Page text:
Ushuni as a method of sound production, performance practice and categorisation in the philosophical and intellectual foundation of Umaskandi
Keywords:ingoma, inkulumo, song-dance compound, ushuni, ukusetha, Western Knowledge production
The focus of this article is to demonstrate and explain how employing linguistic apparatus, the epistemological and metaphysical world of omaskandi can be explored and understood. It does so by focusing on ushuni as the method of sound production, performance practice and categorisation method. The focus on ushuni demonstrates that the indigenous African languages Isizulu in particular, which plays a significant role as it dominates the conceptual apparatus beyond its ordinary communicative function, ought to be fundamental in rationalising and theorising about umaskandi. Isizulu language, therefore, should accordingly enable and guarantee access to umaskandi’s profound conceptual levels. The study has assumed the qualitative research paradigm as it offers an in-depth analysis of reality. Primarily, the investigation into the nature of umaskandi was conducted through fieldwork, and equally important was the consideration of the known history of the genre through earlier documentation. This article, therefore, attempts to unpack Isizulu indigenous music-making principles, practices, and contexts in which umaskandi exists. It is envisaged that it will be more beneficial to umaskandi genre, omaskandi and formal music education hence contributing to knowledge production about this musical phenomenon.
Bebe, F. (1975). African Music A People’s Art. London: Harrap.
Davies, N. (1994). The Guitar in Zulu Maskanda Tradition. The World of Music, 36(2), 118–37.
Dei, G. J. S. (2012). Indigenous Anti-Colonial Knowledge as ‘Heritage Knowledge’ for Promoting Black/African Education in Diasporic Contexts. Decolonization: Indigeneity, Education & Society, 1(1), 102–19.
Dei, G. J. S. (2011). Studying, researching and teaching African indigenous knowledges: Challenges, possibilities and methodological cautions. Graduate Students Seminar, 1-16. Pretoria, UNISA.
Ekwueme, L. E. N. (1975). Guest Editorial. African Music, 5(04), 4–5.
Fasiku, G. (2008). African Philosophy and the Method of Ordinary Language Philosophy. African Journal of Political Science and International Relations, 2(4), 085–090.
OUP. (2017). IsiZulu Oxford Living Dictionaries. Retrieved from https://zu.oxforddictionaries.com
Kunene, M. (1981). Anthem of the Decades - a Zulu Epic Dedicated to the Women of Africa. London: Heinemann.
Levine, L. (2005). The Drumcafe’s Traditional Music of South Africa. South Africa: Jacana Media (Pty) Ltd.
Mapaya, M. G. (2013). Investigating Mmino Wa Setšo (Indigenous Music) as Practiced by Bahanwana in Limpopo Province, South Africa: Afrocentric and New Musicological Approaches. University of Venda, Unpublished PhD Thesis, Thohoyandou.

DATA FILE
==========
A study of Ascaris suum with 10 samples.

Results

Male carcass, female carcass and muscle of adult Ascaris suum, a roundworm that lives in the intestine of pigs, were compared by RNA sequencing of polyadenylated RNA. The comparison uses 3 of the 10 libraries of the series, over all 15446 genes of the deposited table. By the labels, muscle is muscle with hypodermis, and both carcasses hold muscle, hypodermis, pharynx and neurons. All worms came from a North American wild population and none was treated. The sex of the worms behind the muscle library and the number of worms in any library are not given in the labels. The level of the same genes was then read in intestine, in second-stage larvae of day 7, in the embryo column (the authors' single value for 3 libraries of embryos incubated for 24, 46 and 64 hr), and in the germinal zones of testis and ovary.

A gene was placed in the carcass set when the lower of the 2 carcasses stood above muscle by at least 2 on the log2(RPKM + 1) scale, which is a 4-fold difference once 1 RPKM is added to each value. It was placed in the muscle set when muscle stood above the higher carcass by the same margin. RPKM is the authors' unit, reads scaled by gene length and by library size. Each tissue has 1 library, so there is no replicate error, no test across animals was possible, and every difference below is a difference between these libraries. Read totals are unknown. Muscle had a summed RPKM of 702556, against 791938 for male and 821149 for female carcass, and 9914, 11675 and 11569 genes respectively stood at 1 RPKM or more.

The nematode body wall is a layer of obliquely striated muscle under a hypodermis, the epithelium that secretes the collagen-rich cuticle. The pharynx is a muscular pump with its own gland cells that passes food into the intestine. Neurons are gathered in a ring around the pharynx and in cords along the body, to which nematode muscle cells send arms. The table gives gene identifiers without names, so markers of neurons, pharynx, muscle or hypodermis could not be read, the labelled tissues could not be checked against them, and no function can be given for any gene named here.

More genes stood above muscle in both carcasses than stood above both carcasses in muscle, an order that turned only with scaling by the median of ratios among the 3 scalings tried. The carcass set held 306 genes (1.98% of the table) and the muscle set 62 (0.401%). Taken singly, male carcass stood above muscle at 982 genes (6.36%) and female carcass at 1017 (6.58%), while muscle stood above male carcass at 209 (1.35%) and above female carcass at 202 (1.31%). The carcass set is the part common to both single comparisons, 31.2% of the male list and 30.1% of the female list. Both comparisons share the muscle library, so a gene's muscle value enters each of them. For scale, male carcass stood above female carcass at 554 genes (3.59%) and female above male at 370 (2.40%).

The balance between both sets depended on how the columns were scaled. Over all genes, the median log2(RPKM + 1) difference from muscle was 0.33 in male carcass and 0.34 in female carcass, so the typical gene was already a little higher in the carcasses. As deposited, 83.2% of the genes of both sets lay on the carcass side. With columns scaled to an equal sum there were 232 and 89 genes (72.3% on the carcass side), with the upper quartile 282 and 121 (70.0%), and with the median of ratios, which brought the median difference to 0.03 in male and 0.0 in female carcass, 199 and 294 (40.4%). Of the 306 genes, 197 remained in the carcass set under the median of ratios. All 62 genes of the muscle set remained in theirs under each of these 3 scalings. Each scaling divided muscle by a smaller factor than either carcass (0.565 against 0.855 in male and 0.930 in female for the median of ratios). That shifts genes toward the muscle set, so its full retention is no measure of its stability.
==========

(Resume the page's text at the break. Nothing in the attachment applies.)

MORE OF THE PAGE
Mapaya, M. G. (2014). African Musicology: Towards Defining and Setting Parameters of the Study of the Indigenous African Music. Anthropologist, 18(2), 619–27.
Mapaya, M. G. (2014b). Indigenous Language as a Tool in African Musicology: The Road to Self-Assertiveness. South African Journal of African Languages, 34, 29–34. https://doi.org/10.1080/02572117.2014.896530.
Mapaya, M. G. (2014c). The Study of Indigenous African Music and Lessons from Ordinary Language Philosophy1. Mediterranean Journal of Social Sciences, 5(20), 2007–2014. https//doi.org/10.5901/mjss.2014.v5n20p2007
Mlamla, N. E., & Shumba, K. (2021). A Critical Discourse Analysis of the Voice of Maskandi on Hostel Killings in KwaMashu, Durban: Implications for Community Safety, Health and Well-Being. African Journal of Development Studies (AJDS), 11(3), 271–92.
Ngema, V. (2007). Symbolism and Implications in the Zulu Dance Forms: Notions of Composition, Performance and Appreciation of Dance among the Zulu. KwaDlangezwa: University of Zululand.
Nketia, K. (1975). The Music of Africa. London: Victor Gollancz Ltd.
Nyembezi, S. (2005). A - Z Isichazimazwi Sanamuhla Nangomuso (Dictionary for Today and the Future). Pietermarizburg: Shuter & Shooter.
Nzewi, M. (2007). A Contemporary Study of Musical Arts: Informed by African Indigenous Knowledge Systems. Pretoria: Centre for Indigenous Instrumental African Music and Dance (Ciimda).
Thesee, G. (2006). Anti-Colonialism and Education: The Politics of Resistance, 52–42 in G. J. Dei (Ed.). AW Rotterdam: Sense Publishers.
Titus, B. (2021). Hearing the Given and the Made in South African Maskanda Music. The World of Music, 10(2), 79–106.
Xulu, M. K. (1992). The Re-Emergence of Amahubo Song Styles and Ideas in Some Modern Zulu Musical Styles. Durban: University of Natal, Ethnomusicology Thesis.
How to Cite
Copyright (c) 2022 Mbuti Moloi, Geoff Mapaya
This work is licensed under a Creative Commons Attribution-NonCommercial-ShareAlike 4.0 International License.
This open-access article is distributed under a Creative Commons Attribution (CC-BY) 4.0 license.
You are free to: Share — copy and redistribute the material in any medium or format. Adapt — remix, transform, and build upon the material for any purpose, even commercially. The licensor cannot revoke these freedoms as long as you follow the license terms.
Under the following terms: Attribution — You must give appropriate credit, provide a link to the license, and indicate if changes were made. You may do so in any reasonable manner, but not in any way that suggests the licensor endorses you or your use.
No additional restrictions You may not apply legal terms or technological measures that legally restrict others from doing anything the license permits.